A bipartisan commission tasked with looking into long lines and delays at the polls on Election Day is beginning to take shape.

The worst problems Nov. 6 were reported in eastern Prince William County, primarily at the River Oaks Precinct at Potomac Middle School in Dumfries. Voters there said they waited up to 41 / 2 hours, and the last vote was cast at 10:45 p.m., officials said.

The Board of County Supervisors unanimously approved a 16-member panel Tuesday to look into why lines were so long and to make recommendations. Each supervisor will appoint one person. Supervisors also will appoint one representative of the NAACP and a member of the clergy, the county Human Rights Commission and the League of Women Voters.

The task force will include two former supervisors, Democrat Hilda Barg and a to-be-named Republican, and two representatives from the major local political parties.

Most of the members of the committee will be named by supervisors Tuesday. The task force is expected to have a report and recommendations for improvements by June, officials said.

“When we get it wrong, shame on us, and we got it wrong on Election Day,” Supervisor Frank J. Principi (D-Woodbridge) has said.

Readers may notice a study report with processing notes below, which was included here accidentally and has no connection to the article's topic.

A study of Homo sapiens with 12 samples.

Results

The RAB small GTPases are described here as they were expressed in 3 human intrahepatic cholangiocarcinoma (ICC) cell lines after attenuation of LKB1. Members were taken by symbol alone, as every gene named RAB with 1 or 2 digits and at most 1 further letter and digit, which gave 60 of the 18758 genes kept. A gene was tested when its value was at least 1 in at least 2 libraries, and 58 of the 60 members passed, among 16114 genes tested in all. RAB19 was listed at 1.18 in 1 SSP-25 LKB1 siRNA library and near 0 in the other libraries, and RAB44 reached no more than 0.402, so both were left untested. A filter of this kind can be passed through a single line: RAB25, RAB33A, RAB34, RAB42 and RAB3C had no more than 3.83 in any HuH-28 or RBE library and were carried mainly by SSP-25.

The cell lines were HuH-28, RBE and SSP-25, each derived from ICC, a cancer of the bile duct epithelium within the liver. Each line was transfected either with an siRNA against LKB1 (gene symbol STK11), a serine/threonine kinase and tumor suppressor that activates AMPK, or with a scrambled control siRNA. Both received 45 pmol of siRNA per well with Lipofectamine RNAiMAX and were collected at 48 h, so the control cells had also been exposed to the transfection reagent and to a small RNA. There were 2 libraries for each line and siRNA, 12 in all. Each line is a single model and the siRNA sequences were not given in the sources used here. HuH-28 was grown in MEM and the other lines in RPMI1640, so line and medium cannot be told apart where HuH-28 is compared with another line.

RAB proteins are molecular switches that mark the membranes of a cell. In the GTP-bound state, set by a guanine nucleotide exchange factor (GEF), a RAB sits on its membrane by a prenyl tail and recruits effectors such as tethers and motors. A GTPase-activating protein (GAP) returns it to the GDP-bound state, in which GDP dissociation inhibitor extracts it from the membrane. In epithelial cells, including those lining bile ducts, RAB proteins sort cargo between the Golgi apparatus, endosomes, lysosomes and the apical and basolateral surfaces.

Principi recommended forming the commission.

Principi says he is unsure whether a request for $350,000 for election expenses was suppressed by county staff members. The money, which would not have bought more voting machines but could have provided additional staffing, shows up in Electoral Board meeting minutes and in e-mails between county staff members and Registrar Betty Weimer.

Weimer told the board that she could not recall asking for the money but said she would look into it. Election officials say they were provided with all the funds they requested from the county.

The county’s three Electoral Board members, appointed by Prince William Circuit Court, have apologized for the delays. The board bought six machines for two new precincts this year because of redistricting but did not buy any machines for existing precincts despite projected population growth.

Fairfax County has appointed a similar panel to investigate election issues.